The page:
NEW YORK (GenomeWeb News) – Members of the International Cocoa Genome Sequencing Consortium have sequenced and started analyzing the genome of the cacao plant, Theobroma cacao — work that they describe in an online publication in Nature Genetics this week.
The researchers — from France's agricultural research center CIRAD, Pennsylvania State University, and a dozen-and-a-half other institutions — sequenced the genome of a T. cacao variety known as Criollo from Belize, which was known to have a highly homozygous genome. In the process, they found genetic clues about everything from the plant's evolutionary history to the genes and gene families behind commercially important traits.
"The mapping of these gene families along the cocoa chromosomes and comparison with the genome regions involved in trait variation (QTLs) constitutes an invaluable source of candidate genes for further functional studies that aim to discover the specific genes directly involved in trait variation," CIRAD researcher Claire Lanaud, who is senior author on the paper, and co-authors wrote.
"This draft genome sequence will facilitate a better understanding of trait variation and will accelerate the genetic improvement of T. cacao through efficient marker-assisted selection and exploitation of genetic resources," they added.
The Penn State arm of the research was funded, in part, through a gift from the Hershey Corporation.
The Criollo variety and other cacao plants producing high-quality chocolate are highly valued but not widely cultivated, the researchers explained, since they tend to be particularly susceptible to disease and may have lower yields.
"Fine cocoa production is estimated to be less than five percent of the world cocoa production because of low productivity and disease susceptibility," co-lead author Mark Guiltinan, a plant science researcher at Penn State, said in a statement.
Earlier this year, a team led by researchers at Mars, Inc., the US Department of Agriculture, and IBM announced that they had finished sequencing the genome of a widely grown cacao cultivar called Matina 1-6.
For the current study, researchers used a combination of Roche 454 GS FLX and Illumina GAIIx platforms to shotgun sequence the 430 million base pair genome of the Criollo plant B97-61/B2 — sequence that they filled in with BAC-end sequences generated by the Sanger approach.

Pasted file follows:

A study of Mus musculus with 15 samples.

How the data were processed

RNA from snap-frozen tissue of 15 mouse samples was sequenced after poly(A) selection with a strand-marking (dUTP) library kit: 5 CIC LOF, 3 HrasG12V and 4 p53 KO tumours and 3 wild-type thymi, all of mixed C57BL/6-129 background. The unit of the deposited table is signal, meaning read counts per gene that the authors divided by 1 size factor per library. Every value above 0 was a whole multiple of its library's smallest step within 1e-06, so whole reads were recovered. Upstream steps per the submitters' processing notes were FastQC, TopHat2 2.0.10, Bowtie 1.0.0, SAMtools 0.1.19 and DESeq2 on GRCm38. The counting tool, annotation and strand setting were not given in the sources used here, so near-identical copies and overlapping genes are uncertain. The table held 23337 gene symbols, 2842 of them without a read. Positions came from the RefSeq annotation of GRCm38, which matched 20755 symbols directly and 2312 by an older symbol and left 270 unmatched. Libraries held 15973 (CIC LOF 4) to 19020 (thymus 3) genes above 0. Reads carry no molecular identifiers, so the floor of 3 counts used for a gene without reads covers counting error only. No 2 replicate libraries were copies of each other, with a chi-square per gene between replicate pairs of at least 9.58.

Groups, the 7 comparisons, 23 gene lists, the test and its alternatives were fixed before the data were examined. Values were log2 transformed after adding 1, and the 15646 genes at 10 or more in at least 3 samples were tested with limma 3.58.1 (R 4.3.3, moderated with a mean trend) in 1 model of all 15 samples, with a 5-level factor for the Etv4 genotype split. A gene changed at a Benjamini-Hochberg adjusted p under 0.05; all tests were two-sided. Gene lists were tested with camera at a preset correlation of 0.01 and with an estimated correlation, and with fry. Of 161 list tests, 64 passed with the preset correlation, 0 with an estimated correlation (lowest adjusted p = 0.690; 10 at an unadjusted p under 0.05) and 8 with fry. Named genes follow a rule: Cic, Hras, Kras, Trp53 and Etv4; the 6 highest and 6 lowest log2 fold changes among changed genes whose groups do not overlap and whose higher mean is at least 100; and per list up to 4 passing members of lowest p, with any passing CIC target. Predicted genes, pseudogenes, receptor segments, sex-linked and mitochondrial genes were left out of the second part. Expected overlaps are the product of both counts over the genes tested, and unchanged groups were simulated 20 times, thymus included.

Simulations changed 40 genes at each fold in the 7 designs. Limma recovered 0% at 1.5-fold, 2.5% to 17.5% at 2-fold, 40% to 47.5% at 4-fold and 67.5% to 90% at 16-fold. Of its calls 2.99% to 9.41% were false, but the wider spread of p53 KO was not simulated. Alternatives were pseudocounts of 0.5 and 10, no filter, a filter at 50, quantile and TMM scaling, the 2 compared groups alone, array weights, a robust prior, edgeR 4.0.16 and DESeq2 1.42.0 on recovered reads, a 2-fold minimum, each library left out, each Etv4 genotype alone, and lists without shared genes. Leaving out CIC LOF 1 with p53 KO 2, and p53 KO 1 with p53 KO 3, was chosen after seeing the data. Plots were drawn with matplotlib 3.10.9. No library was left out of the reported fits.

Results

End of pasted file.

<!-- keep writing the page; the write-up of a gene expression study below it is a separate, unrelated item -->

Their analysis of the genome uncovered 28,798 predicted protein-coding genes. Of these, the researchers were able to assigned 23,529 — almost 82 percent — to one of Criollo's 10 chromosomes.
Through comparisons with several other sequenced plants, the team identified 6,362 gene clusters that are shared with Arabidopsis thaliana, grape, soybean, and poplar, along with 682 T. cacao-specific gene families.
Their analyses of these coding genes turned up 84 lipid biosynthesis genes that may influence cocoa butter production, as well as genes related to chocolate flavor, aroma, color, disease resistance, and more. For instance, they noted, the genome seems to contain expansions affecting genes related to the production of flavonoid compounds involved in cocoa flavor.
"Our analysis of the Criollo genome has uncovered the genetic basis of pathways leading to the most important quality traits of chocolate — oil, flavonoid, and terpene biosynthesis," Penn State horticulturalist Siela Maximova, who was a co-author on the new paper, said in a statement. "It has also led to the discovery of hundreds of genes potentially involved in pathogen resistance, all of which can be used to accelerate the development of elite varieties of cacao in the future."
Meanwhile, their efforts to track down and characterize RNA coding sequences in the genome yielded 83 potential microRNA coding sequences — many of which seem to target transcription factors, the researchers explained, hinting that "miRNAs are major regulators of gene expression in T. cacao."
But, they noted, only about 24 percent of the newly sequenced cacao genome is comprised of transposable element sequences — far less than other comparably sized plant genomes.
"Smaller amounts of transposons than found in other plant species could lead to slower evolution of the chocolate plant," Guiltinan said in a statement, "which was shown to have a relatively simple evolutionary history in terms of genome structure."
Data from the new T. cacao sequencing project is available through EMBL, GenBank, and DNA Data Bank of Japan (DDBJ) databases.